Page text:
Hackers Threatened Sony Three Days Before Attack
An email demanding money was sent to the studio's execs on Nov. 21
Hackers sent a threatening email to Sony Pictures executives three days before the cyberattack on the studio's systems.
Among documents leaked to the media Monday was an email that had been sent to Sony CEO Michael Lynton, chairman Amy Pascal and other execs Nov. 21. The email threatened harm to the company unless payment was received.
"We've got great damage by Sony Pictures," the message read. "The compensation for it, monetary compensation we want. Pay the damage, or Sony Pictures will be bombarded as a whole."
"You know us very well," the email continued. "We never wait long. You'd better behave wisely." The email was signed by a group calling itself God'sApstls. Mashable previously reported on the email.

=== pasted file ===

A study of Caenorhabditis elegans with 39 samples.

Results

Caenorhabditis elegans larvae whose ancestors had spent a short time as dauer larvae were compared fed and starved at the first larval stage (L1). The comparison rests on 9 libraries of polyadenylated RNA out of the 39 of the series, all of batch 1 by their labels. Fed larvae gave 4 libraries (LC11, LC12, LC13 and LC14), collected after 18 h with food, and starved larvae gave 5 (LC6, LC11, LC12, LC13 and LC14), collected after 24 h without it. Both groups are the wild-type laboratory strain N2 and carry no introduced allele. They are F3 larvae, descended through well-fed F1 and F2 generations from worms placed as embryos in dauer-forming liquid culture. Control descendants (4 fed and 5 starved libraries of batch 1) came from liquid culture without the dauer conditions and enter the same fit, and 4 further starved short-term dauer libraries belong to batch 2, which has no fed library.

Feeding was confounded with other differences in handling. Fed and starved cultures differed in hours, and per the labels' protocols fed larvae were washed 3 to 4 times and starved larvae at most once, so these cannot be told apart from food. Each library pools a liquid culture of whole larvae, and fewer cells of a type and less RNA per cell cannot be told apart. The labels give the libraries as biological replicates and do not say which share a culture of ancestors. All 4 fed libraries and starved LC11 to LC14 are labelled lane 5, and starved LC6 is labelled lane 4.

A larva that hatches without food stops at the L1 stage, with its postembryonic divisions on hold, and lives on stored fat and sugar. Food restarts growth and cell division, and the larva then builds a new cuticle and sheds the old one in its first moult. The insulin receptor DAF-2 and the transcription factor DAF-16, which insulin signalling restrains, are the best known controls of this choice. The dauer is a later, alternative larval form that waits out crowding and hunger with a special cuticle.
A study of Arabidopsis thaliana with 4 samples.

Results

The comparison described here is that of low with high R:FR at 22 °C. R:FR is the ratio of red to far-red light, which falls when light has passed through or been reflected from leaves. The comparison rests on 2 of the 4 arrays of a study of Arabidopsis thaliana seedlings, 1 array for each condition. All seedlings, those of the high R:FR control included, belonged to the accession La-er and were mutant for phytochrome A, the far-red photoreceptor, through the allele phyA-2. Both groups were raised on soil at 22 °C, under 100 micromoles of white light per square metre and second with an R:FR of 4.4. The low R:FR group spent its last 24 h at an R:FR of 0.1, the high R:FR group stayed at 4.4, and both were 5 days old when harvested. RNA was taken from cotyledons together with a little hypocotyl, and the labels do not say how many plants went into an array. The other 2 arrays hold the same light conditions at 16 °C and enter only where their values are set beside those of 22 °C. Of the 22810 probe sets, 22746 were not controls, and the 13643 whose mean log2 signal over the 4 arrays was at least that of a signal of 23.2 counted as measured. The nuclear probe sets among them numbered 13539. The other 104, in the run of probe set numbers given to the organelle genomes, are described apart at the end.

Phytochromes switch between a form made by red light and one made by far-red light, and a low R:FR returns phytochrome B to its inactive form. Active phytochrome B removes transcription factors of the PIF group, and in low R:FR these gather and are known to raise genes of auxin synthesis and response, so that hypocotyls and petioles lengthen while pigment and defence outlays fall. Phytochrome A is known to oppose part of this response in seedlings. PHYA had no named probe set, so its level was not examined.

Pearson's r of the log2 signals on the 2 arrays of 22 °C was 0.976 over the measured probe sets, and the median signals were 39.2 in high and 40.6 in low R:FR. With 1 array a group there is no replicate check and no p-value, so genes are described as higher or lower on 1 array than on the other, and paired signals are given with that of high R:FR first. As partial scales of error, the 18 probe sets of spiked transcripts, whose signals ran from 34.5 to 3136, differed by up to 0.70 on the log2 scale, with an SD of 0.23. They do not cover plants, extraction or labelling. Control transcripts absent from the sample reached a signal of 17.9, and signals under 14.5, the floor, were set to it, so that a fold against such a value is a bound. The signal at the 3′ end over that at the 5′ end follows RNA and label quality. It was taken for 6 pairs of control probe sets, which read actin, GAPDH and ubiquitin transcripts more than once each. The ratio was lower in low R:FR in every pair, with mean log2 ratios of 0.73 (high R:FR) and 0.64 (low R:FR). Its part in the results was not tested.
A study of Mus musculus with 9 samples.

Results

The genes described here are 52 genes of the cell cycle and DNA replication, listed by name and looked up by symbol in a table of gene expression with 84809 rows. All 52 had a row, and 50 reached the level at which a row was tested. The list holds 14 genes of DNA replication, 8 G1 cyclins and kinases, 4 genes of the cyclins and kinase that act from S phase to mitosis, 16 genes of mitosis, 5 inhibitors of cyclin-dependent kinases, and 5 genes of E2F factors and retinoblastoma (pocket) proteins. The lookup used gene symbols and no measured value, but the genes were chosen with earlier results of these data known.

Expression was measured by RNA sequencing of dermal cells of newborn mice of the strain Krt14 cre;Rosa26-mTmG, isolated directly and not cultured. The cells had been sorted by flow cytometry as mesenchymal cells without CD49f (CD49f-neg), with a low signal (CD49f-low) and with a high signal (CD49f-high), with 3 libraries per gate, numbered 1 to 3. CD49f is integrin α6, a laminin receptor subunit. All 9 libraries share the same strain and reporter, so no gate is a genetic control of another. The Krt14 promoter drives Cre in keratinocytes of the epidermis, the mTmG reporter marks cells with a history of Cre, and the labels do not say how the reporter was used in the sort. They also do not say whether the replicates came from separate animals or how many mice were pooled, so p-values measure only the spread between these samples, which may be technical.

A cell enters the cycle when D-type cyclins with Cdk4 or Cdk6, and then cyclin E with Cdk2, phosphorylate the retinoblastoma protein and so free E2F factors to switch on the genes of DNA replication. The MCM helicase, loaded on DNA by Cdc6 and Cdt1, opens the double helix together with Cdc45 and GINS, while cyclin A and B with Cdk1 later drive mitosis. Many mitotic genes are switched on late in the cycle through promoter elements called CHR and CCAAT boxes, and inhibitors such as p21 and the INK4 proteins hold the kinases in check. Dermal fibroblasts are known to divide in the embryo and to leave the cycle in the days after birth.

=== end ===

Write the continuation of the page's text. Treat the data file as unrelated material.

The studio's systems were breached Nov. 24, and a message on some Sony employees' computers made apparent reference to the initial email: "We've already warned you, and this is just a beginning." Hacking group Guardians of Peace took credit for the attack.
An investigation into the attack, which resulted in a litany of leaked documents revealing salaries, social security numbers and profit details, suggests that hackers worked from a hotel in Thailand. The head of the security firm investigating the attack called it "unprecedented in nature" and "carried out by an organized group."
North Korea has officially denied involvement in the Sony hack, although the nation's spokesperson suggested it could be the "righteous deed" of a supporter. Guardians of Peace sent an email Monday demanding that Sony pull The Interview, its upcoming comedy starring James Franco and Seth Rogen as two guys who are sent to North Korea to assassinate leader Kim Jong-Un.